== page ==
By TONY MOORE

VISITING American country singing star Kata Hay was almost deported from Australia by immigration officials last week because she sang at the Tamworth Country Music Festival without a permit.

The 18-year-old rising yodelling and singing star told her story in Ipswich yesterday where she was a guest of the Coal City Country Music Club.

But she wasn't going to sing a note after the scare from the immigration department officials.

"They contacted me in Brisbane on Monday. A couple of their people had seen me when I was singing in Tamworth," she said.

"I didn't have the right performing visa. I don't know anything about the correct visas. But they understood that."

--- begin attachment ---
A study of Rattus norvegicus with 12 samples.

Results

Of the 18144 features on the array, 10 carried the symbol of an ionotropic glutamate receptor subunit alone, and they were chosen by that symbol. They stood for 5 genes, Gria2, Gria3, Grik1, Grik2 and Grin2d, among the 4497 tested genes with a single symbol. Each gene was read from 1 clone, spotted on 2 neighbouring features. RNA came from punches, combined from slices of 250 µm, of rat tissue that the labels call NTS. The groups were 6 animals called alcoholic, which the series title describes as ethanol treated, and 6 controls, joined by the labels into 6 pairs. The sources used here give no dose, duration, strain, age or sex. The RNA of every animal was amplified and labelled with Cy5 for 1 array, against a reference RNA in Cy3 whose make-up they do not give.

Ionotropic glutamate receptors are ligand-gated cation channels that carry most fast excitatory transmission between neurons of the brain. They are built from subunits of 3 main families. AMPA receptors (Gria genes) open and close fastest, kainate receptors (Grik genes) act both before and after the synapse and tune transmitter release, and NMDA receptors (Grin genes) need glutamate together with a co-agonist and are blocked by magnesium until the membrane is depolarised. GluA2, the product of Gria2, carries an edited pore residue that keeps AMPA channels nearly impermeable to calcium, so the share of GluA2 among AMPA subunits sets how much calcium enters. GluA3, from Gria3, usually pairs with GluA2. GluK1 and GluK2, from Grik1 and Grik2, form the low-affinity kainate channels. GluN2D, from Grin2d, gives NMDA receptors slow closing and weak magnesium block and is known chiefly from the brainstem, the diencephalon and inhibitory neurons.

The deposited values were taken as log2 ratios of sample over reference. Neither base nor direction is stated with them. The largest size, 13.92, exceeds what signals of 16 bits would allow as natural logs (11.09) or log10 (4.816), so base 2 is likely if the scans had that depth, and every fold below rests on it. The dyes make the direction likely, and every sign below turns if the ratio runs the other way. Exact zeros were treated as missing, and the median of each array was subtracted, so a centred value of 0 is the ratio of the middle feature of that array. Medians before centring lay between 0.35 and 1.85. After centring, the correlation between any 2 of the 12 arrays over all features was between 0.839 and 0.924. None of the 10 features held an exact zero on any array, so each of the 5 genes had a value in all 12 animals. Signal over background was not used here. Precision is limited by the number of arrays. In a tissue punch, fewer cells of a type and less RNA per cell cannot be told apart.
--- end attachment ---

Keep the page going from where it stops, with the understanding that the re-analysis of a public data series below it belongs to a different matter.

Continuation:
"So I can't sing, can't sign or sell anything."

Immigration Department working permits for artists are required to protect jobs for Australian artists.

Kata Hay was on her second trip to Australia for her second appearance at the Tamworth Country Music Festival last month.

The young star won America's Country Music Search competition in 1992 and an international yodelling competition in 2001.

Her current album, Cowboys, Guitars and a Little Bit of Swing, is now placed three in America's Country Music charts.

The Oklahoma singer spent yesterday afternoon as a guest of the Coal City Country Music Club at Booval Allsports on Brisbane Road.

If the strict immigration guidelines had been enforced to the letter, she could have been restricted from performing in Australia for three years, she said.

"I am grateful to them for understanding. I didn't know. They could have taken away my ability to sing over here for three years. I just didn't have a working visa."

She returns to the States this week, readying for a move to Tennessee to further her career.